Catawba Valley Community College’s Interdisciplinary Read Committee has rescheduled author and Western Piedmont Community College faculty member Leslie Dula McKesson’s campus presentation for Wed., Feb. 17, at noon.
Rescheduled from the original January date due to inclement weather, McKesson will discuss privilege and social justice Feb. 17 using her book “Black and White: The Story of Harriet Harshaw and ‘Squire’ James Alfred Dula” as a backdrop. Her talk will take place in the East Wing Auditorium at noon and is open to the public.
McKesson’s talk is part of a series of special events focused on this year’s campus read, “Blood Done Sign My Name” by Timothy B. Tyson. The autobiographical work of history deals with the 1970 murder of a black man by whites in Tyson’s (then) hometown of Oxford, N.C.
McKesson is the Dean of Business and Public Services at Western Piedmont Community College. She grew up in the rural, family community of Dulatown located in Lenoir, N.C. She completed her bachelor’s degree at the University of North Carolina at Chapel Hill and her master’s and education specialist degrees at Appalachian State University. She is also currently enrolled in the doctoral program in educational leadership at Appalachian State.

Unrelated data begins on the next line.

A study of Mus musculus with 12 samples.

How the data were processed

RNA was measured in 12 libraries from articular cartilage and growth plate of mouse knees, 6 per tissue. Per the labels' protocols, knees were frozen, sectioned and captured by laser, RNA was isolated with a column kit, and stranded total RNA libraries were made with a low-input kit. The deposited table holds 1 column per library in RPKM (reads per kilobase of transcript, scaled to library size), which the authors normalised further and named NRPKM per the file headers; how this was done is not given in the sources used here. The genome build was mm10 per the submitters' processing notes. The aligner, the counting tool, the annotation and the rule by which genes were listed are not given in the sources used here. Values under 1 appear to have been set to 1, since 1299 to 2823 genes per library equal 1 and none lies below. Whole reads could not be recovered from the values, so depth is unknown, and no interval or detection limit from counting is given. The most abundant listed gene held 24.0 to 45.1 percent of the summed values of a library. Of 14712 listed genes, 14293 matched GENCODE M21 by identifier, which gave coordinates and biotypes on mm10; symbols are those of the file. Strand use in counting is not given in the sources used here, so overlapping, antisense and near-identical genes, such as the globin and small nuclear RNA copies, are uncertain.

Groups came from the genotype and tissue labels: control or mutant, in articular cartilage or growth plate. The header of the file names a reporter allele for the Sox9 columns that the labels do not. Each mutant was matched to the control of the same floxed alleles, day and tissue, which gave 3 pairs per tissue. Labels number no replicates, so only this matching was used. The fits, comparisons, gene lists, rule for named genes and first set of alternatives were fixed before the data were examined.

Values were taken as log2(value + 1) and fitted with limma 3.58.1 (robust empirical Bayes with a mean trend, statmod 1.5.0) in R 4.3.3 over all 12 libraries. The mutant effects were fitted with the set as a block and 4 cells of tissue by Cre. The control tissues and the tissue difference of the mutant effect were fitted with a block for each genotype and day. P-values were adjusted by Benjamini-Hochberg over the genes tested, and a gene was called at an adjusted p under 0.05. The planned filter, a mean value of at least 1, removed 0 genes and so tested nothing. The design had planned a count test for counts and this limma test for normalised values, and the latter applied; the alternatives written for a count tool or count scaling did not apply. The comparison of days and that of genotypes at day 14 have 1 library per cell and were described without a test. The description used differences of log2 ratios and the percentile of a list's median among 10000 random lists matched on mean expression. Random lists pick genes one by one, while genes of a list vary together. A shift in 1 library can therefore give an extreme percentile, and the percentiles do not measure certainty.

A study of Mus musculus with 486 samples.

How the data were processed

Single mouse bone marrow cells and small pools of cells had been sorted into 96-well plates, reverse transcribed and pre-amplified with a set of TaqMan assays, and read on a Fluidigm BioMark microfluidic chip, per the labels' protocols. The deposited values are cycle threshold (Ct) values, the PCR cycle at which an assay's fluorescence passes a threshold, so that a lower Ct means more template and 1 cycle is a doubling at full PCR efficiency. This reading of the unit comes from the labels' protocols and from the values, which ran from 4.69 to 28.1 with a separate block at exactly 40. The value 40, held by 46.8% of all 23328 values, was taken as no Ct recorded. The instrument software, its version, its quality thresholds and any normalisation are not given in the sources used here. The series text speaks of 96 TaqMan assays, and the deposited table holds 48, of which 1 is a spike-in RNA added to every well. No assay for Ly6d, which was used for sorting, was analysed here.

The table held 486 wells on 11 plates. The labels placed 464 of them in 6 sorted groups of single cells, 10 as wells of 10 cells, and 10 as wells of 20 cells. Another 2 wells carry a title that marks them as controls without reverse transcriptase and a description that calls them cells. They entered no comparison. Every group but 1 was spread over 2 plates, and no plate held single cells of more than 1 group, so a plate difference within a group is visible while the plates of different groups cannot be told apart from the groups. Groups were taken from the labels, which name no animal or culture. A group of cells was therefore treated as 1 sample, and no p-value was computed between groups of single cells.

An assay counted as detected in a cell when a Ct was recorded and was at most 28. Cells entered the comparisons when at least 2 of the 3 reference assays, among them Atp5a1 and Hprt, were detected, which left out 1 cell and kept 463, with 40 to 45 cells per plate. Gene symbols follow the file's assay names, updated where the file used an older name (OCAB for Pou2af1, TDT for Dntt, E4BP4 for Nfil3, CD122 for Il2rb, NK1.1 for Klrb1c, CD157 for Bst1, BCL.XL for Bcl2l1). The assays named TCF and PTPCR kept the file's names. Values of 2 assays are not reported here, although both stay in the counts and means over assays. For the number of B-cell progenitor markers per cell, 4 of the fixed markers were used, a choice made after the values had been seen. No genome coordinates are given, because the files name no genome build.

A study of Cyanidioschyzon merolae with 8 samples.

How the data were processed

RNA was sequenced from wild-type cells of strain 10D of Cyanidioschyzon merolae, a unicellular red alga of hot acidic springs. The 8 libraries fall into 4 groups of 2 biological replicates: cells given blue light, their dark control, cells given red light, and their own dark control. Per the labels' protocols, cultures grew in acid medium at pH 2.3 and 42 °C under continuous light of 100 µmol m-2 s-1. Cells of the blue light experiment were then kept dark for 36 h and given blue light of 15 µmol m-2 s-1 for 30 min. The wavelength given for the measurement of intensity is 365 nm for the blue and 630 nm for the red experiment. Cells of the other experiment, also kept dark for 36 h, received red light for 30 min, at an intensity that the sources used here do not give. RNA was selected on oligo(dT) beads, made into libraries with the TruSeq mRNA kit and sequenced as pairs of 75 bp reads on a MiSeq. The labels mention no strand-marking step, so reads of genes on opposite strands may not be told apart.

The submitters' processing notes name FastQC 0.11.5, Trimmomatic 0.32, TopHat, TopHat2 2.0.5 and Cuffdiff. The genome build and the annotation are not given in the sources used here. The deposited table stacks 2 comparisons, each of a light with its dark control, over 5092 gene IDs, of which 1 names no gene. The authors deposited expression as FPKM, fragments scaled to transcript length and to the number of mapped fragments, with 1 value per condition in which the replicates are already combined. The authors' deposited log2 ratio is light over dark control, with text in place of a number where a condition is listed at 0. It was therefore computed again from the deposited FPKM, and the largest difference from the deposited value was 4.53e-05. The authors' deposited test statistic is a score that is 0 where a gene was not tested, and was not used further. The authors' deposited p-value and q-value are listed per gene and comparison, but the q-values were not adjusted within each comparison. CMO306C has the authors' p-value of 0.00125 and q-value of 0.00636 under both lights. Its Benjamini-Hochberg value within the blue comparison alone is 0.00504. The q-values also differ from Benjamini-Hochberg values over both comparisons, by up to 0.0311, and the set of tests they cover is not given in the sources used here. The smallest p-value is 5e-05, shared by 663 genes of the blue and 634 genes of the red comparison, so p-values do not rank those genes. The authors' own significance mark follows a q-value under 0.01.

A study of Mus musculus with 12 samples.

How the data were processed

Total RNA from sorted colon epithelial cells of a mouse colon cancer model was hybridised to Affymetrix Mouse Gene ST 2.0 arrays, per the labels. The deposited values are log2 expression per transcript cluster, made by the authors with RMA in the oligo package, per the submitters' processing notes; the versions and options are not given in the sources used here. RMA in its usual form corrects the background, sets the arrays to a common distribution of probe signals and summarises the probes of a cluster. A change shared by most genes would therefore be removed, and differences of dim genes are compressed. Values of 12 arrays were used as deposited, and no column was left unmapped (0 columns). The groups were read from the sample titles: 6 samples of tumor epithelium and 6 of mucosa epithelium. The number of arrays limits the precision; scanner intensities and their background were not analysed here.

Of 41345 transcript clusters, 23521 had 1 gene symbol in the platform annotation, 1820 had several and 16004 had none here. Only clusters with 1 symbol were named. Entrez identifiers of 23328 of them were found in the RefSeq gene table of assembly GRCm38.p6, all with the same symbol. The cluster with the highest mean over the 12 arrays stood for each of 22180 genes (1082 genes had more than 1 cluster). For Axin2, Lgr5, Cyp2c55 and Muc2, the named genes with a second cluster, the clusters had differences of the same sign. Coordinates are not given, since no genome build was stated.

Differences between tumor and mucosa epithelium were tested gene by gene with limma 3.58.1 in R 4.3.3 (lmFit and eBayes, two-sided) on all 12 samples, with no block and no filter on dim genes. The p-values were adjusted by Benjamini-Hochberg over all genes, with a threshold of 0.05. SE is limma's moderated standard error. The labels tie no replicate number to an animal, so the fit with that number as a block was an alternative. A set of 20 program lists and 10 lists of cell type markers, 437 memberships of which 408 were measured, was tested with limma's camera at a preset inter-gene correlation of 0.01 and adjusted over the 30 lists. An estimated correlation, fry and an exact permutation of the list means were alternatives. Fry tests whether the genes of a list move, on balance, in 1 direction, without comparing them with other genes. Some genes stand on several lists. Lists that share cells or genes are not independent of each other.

McKesson developed a love of genealogy passed on by her father, Harold Dula, who spent much of his lifetime researching, gathering, and preserving stories about his family. Using her father’s research, McKesson wrote and published “Black and White: The Story of Harriet Harshaw and ‘Squire’ James Alfred Dula.”
Met with unanticipated success, it received a Robert Bruce Cooke Family History Book Award from the North Carolina Society of Historians in 2014. It is being sold in a number of regional history museums and through online genealogical and historical organizations.
McKesson’s talk is free and open to the public. For more information, contact Donna Ross, 828-327-7000 ext. 4111, or email@example.com.